Second-tier Wigan, who upset City 1-0 in the final at Wembley last May to secure the Cup for the first time, went ahead through Jordi Gomez and James Perch before holding off a rousing City fightback to set up a semi-final against Arsenal.
They were joined in the last four by Sheffield United and Hull City after the third-tier Blades upset Championship (second tier) side Charlton Athletic 2-0 and Hull beat Premier League rivals Sunderland 3-0 in Sunday's other sixth-round ties.
Arsenal had already booked their place in the last four with a 4-1 win over Everton on Saturday.
City secured the English League Cup last Sunday in what fans hoped would be the first leg of an unprecedented quadruple.
Fourth in the Premier League, and needing to overturn a two-goal deficit at Barcelona in the second leg of their Champions League last-16 tie on Wednesday, City were strong favourites to negotiate the visit of Wigan.
But the Championship side, managed by former City striker and terrace hero Uwe Rosler, executed a perfect game plan and capitalised on a tired City display to go 2-0 up after 46 minutes.
"The only chance we had of doing the same here (beating City again)," Rosler told BT Sport, "was to keep the ball. You have to get the ball down ... It is high risk, but our back five, and the midfield, were very good.
"I talked (to the players) about bravery as well. We had Lady Luck on our side, but overall we are delighted."
City defender Martin Demichelis, under the spotlight after recent poor performances, gave away the penalty that allowed Wigan to take the lead in the 27th minute.
The Argentine bought a dummy from Marc-Antoine Fortune at the byline, tripped the French striker in his desperation to make amends and Gomez stroked home the spot-kick.
City were stunned again two minutes after the break, when James McArthur was given time and space to cross and Perch embarrassed a sleepy Gael Clichy at the far post to bundle over the line from two metres.
It took 63 minutes for the home side to seriously threaten the visitors' goal when substitute striker Edin Dzeko headed against a post.
They made their breakthrough four minutes later.
Dzeko used his aerial strength to meet a corner, Micah Richards laid off to Samir Nasri and, from 20 metres the Frenchman drilled a left-foot half-volley through a crowd of players - including Joleon Lescott standing in an offside position - and into the bottom corner of the Wigan net.
"I felt their goal was offside," Rosler said. "Lescott was interfering with (the line of sight of) our goalkeeper."
Seconds later, defender Richards whistled an angled effort inches wide of Scott Carson's upright as City piled on the pressure.
Dzeko came within inches of forcing a replay but Emmerson Boyce produced a remarkable last-ditch block, and then Dzeko again was agonisingly wide with another header.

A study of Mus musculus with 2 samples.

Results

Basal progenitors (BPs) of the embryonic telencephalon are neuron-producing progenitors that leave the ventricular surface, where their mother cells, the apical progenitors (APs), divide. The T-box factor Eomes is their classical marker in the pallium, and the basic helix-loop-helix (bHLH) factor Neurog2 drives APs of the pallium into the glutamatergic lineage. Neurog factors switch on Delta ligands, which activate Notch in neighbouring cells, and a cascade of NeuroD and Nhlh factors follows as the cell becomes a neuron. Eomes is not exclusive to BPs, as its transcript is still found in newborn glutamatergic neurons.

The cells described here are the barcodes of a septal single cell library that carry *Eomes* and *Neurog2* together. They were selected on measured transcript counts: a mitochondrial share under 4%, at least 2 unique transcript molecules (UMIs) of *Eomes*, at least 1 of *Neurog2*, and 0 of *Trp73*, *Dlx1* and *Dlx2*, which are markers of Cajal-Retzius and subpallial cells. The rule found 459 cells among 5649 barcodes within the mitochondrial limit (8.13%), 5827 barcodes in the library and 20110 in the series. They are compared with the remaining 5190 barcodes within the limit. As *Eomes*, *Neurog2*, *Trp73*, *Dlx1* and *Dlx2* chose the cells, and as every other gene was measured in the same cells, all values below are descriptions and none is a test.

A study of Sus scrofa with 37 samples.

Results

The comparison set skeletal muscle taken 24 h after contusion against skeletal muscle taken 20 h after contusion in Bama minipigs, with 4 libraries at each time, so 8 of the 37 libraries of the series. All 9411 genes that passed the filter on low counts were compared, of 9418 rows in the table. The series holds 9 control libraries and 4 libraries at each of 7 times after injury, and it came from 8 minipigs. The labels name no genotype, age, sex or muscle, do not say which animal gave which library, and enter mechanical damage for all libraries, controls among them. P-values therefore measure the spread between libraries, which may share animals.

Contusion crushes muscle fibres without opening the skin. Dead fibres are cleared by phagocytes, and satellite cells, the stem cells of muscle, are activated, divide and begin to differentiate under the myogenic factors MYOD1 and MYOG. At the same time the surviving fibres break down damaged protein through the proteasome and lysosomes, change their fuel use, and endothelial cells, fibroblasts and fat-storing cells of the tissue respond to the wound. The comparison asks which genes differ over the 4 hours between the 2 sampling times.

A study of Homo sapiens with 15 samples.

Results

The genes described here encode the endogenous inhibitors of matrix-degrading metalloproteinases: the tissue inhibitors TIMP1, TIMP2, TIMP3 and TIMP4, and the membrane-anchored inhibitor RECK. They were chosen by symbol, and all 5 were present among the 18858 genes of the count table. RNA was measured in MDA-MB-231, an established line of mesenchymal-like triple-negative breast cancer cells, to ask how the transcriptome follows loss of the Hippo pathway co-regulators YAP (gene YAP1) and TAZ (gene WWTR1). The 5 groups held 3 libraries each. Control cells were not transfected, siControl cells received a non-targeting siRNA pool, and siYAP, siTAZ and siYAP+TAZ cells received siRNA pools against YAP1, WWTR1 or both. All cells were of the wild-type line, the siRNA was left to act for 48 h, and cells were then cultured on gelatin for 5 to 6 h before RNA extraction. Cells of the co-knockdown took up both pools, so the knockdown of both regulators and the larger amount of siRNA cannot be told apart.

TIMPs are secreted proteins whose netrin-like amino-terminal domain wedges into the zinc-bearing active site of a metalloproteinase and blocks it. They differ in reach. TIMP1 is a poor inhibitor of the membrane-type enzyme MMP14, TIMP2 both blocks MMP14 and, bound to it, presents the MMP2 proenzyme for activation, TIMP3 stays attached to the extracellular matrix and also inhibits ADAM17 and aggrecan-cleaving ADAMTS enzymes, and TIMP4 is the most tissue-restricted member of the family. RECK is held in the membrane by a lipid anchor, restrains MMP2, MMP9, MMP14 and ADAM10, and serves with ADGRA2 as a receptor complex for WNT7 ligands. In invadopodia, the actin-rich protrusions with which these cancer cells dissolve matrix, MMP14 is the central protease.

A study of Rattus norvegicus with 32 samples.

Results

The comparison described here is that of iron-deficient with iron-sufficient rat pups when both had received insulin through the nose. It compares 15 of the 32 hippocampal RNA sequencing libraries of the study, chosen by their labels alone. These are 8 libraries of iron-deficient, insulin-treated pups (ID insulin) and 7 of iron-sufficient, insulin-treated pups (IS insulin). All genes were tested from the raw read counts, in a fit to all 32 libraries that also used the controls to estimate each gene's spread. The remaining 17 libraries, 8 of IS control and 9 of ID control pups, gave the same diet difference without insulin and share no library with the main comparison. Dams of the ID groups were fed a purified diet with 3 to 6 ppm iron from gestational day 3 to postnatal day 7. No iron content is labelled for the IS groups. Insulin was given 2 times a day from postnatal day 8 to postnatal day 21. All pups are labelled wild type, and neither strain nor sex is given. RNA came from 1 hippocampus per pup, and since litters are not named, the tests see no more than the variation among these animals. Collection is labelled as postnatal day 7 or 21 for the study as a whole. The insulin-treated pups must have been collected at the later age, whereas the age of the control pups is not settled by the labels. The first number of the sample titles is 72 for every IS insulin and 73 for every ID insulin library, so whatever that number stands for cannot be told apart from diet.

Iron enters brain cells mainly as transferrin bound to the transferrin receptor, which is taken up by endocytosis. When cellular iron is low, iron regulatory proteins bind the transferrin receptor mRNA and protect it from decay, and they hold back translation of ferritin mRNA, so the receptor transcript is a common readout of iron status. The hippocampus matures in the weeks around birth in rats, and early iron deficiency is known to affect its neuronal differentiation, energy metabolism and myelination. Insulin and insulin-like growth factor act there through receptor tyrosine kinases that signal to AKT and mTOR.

"It is disappointing," Pellegrini said. "I did not think we could be eliminated here against Wigan, and we had chances to draw, but they played with great intensity and deserved to go through."
Earlier at Bramall Lane, second-half strikes from Ryan Flynn and John Brayford caught second-tier Charlton cold, as Sheffield United became the first third-tier team since 2001 to reach the competition's last four.
Midfielder Flynn put four-times Cup winners United ahead in the 65th minute, when he sneaked in at the far post to nudge home a left-wing cross from Jose Baxter.
One minute, 42 seconds later the home side doubled their lead when defender Brayford's low, 20-metre effort took a cruel deflection off the visitors' Richard Wood and rolled into the net.
At the KC Stadium, Hull reached the semi-finals for the first time since 1930 after striker Sone Aluko missed a first-half penalty against Sunderland.
A game of poor quality was brought to life in the 68th minute when defender Curtis Davies headed the opener.
Four minutes later David Meyler was too quick and strong for Lee Cattermole, who allowed the midfielder to burst past him at the halfway line and slip the ball past goalkeeper Oscar Ustari for the second.
Meyler celebrated by running towards the sideline and headbutting the corner flag in an apparent reference to an incident last week when Newcastle United manager Alan Pardew was sent off for aiming a headbutt at the Irishman during a Premier League game.
"It was just a bit of banter," Meyler told ITV Sport. "The lads were cheering me on ... that's why I did it."
Five minutes later Cattermole was again the Sunderland culprit, inexplicably aiming a back pass towards his keeper but playing the ball straight to Matty Fryatt, who produced a composed finish for number three.
It completed a disappointing week for Sunderland, who lost the League Cup final to Manchester City at Wembley last Sunday, but manager Gus Poyet will turn his full attention now to steering the club away from the Premier League relegation zone.
The FA Cup semi-finals will be played at Wembley on April 12 and 13.